Topic: Russian space programs
- Russia Launches Two Satellites From Baikonur
- Kazakhstan Allows Russia to Resume Baikonur Launches - PM
- Baikonur Space Center marks 55th anniversary
ASTANA, December 10 (RIA Novosti) - Kazakhstan and Russia are in talks over returning the city of Baikonur in Kazakhstan - home to Russia's main rocket launch center - from Russian to local jurisdiction, the head of Kazakhstan's space agency (Kazkosmos) said on Monday.
"Today both nations' governments have decided to set up a new intergovernmental commission for the Baikonur complex to be headed up by first or other deputy prime ministers," Kazkosmos head Talgat Musabayev told Kazakhstan's parliament.
Kazakhstan has demanded reestablishment of the commission which previously oversaw the main aspects of the intergovernmental agreement on Baikonur, the site of the first Soviet rocket launches and Russia's most important space launch center.
The issue of control over Baikonur and the rent Russia pays Kazakhstan to use the facility have been the subject of ongoing dispute between the two nations ever since Kazakhstan gained independence from the USSR.
The two sides signed an agreement in Astana on January 9, 2004, extending Russia's use of the space center's facilities until 2050. Russia pays an annual fee of approximately $115 million to use the space center, which currently has the world's busiest launch schedule, as well as $50 million annually for maintenance.
Kazakhstan ratified the deal in 2004, following Russia's threats to suspend other space projects with Kazakhstan if it did not do so.
Earlier this year, Kazakhstan blocked Russia from launching several rockets from Baikonur in May in a dispute over a drop zone for debris. Kazakhstan insisted this must be covered by a supplement to the main rent agreement. Kazakhstan agreed in June to let launches go ahead, following talks with Prime Minister Dmitry Medvedev and his Kazakh counterpart Karim Massimov.
Baikonur has 15 launch pads for launching both manned and unmanned space vehicles and supports several generations of Russian spacecraft including the Soyuz, Proton, Tsyklon, Dnepr and Zenit.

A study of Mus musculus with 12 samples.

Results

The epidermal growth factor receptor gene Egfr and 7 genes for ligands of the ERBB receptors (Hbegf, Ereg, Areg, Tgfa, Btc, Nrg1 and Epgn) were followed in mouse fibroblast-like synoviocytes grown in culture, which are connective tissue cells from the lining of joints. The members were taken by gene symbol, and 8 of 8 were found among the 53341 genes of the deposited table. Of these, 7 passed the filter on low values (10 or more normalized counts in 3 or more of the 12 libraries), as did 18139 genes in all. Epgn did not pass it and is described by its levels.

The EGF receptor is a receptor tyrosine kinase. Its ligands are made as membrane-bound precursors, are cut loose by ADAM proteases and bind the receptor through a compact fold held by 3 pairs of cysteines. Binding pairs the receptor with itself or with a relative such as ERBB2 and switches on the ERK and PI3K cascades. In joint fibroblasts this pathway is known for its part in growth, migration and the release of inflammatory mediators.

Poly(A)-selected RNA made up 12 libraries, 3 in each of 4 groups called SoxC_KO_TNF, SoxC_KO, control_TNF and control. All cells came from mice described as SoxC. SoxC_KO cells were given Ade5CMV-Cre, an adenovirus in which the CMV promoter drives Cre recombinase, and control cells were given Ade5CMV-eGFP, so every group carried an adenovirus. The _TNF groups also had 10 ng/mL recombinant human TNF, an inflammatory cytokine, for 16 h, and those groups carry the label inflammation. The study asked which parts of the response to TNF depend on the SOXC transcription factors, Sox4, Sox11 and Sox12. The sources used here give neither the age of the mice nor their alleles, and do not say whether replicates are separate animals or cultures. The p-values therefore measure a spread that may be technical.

Russia and Kazakhstan are working to build a new space launch facility at Baikonur, called Baiterek, to launch Angara carrier rockets capable of delivering 26 metric tons of payload to low-Earth orbits. The project is being implemented on a parity basis and enjoys tax and customs privileges.
The two countries have reportedly each allocated $223 million for the construction of the Baiterek launch site under a 2004 agreement.
Russia intends to eventually withdraw from Baikonur and conduct launches from the Plesetsk Cosmodrome in the Arkhangelsk Region and to complete construction of the Vostochny space center in the Far East.
Add to blog
You may place this material on your blog by copying the link.
- p2o2rianGoat keepers to be Space Keepers?16:35, 10/12/2012How come?! Former "goat keepers" have temerity to demand control of what they have never created and would have ever created having no civilization backgrounds. They emerged as a country in a snap and had gained what was erected by someone else. What an audacity! No sarcasm here. Someone should spank the naughty neighbors. Definitely. The sooner the better.
- Michael JohnathenMy feelings09:04, 11/12/2012Kazakhstan has no need for Baikonur, Russia obviously knows it, they are trying to leverage more money from Moskva, the Kremlin should agree to pay more, but insist on Kazakhstan show it's loyalty to Russia starting with recognizing Abkaziya and Osetiya thus sending a clear message to Nato nations which side of the field they are playing for.
Image Galleries: Hungry Hippos, Tiny Tamarins and Other Animal News
Infographics: First Russian Smartphone
Russia has surged ahead on the foreign policy stage, but this is not enough to remain a great power. The tough-minded policies and masterful diplomacy of Russia’s leadership have maximized the country’s position in the world, and are now the main source of its international influence and prestige. Russia’s foreign policy in the next decade depends entirely on what happens at home.